My Political Ideological Journey Part #2: Civil Disobedience

Another book that shaped my initial thoughts on government was “Civil Disobedience” by Henry David Thoreau. Now I definitely disagree with Thoreau on a number of points, but I appreciate the fact that he implies a higher standard of justice than human law.

“Must the citizen ever for a moment, or in the least degree, resign his conscience to the legislator? Why has every man a conscience then? I think that we should be men first, and subjects afterward. It is not desirable to cultivate a respect for the law, so much as for the right. The only obligation which I have a right to assume is to do at any time what I think right […] Law never made men a whit more just; and, by means of their respect for it, even the well-disposed are daily made agents of injustice” (Page 4).

While this quote could be taken as an argument for moral relativism (and maybe that was the intent?), I think it is helpful in noting that the law does not always equal justice and that there are higher standards (the conscience, according to Thoreau), which should enable us to critique the justice and validity of various laws.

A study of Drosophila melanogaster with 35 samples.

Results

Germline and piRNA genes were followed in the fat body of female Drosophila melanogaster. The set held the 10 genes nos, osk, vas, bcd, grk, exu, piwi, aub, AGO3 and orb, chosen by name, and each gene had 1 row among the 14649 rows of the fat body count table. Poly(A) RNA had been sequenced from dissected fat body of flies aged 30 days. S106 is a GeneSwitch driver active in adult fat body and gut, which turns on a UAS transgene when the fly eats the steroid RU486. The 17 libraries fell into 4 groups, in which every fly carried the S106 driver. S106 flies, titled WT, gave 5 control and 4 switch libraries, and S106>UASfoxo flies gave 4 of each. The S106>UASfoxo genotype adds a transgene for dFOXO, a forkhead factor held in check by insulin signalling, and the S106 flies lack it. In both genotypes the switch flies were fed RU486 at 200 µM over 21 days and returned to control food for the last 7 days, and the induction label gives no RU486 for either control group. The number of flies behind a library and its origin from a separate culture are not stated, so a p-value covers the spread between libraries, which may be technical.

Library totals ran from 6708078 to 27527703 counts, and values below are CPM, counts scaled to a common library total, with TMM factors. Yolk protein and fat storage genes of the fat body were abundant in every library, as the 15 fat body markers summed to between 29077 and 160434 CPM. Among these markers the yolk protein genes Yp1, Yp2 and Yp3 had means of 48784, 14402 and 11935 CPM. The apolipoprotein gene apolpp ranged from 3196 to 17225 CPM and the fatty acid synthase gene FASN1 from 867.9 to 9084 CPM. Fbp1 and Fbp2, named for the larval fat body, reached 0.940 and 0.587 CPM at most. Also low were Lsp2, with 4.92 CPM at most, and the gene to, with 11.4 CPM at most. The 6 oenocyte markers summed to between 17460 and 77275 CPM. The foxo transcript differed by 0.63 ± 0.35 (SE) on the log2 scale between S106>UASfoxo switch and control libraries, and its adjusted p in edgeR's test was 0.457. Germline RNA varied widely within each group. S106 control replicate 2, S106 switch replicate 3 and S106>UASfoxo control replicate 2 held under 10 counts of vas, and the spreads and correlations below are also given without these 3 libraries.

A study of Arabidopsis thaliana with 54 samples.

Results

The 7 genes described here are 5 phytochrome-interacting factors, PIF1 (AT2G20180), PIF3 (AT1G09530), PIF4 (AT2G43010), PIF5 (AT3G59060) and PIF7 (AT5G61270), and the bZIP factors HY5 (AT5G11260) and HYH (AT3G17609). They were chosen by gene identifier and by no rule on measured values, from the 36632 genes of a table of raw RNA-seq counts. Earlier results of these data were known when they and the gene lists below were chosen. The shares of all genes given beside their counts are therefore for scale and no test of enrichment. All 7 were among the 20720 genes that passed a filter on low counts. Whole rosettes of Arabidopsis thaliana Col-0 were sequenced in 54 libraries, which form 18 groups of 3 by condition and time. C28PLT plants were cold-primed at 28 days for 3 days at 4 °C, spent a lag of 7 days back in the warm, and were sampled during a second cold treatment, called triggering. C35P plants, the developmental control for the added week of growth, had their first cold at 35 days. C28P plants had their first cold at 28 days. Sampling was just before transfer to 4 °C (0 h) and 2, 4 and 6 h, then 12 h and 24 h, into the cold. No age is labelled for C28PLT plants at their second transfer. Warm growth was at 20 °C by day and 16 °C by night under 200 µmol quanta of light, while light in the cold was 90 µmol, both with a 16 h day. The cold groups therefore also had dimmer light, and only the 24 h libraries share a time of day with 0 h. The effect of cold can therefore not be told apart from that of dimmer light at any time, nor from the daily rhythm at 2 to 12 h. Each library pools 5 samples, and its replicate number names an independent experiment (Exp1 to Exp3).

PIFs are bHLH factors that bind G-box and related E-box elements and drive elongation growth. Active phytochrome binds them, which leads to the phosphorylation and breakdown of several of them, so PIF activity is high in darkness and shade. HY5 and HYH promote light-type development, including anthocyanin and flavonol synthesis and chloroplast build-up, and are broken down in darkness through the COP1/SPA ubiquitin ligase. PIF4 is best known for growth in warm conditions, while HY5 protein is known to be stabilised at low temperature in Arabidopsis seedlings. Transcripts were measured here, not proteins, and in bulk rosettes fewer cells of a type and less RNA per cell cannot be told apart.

In terms of the role of government, Thoreau practically argues “that government is best which governs least,” but ideally “that government is best which governs not at all” (Page 3). It’s unclear if Thoreau is legitimately advocating anarchy, but it seems clear that, at the least, he is advocating an extremely limited government. The more limited, the better, according to him.

Thoreau is also helpful in explaining that there is a point where citizens must be willing to resist and fight against government injustices. He writes, “Unjust laws exist: shall we be content to obey them, or shall we endeavor to amend them, and obey them until we have succeeded, or shall we transgress them at once? ” (Page 11). And while he would probably advocate a greater level civil disobedience than I would, I think this is an important issue to consider. Most principled individuals would say that if government did “X” or outlawed “Y,” they would have to disobey. It’s interesting, therefore, to think through where that line should be drawn and what level of injustice or tyranny would necessitate civil disobedience.

While I definitely don’t agree with Thoreau on every point, this book was helpful and formative in the process of my political ideological journey.


I’d love to hear your thoughts on Thoreau’s ideology and my interpretations of his ideas. As usual, leave a comment or send me an email, if you’d like. Thanks for reading!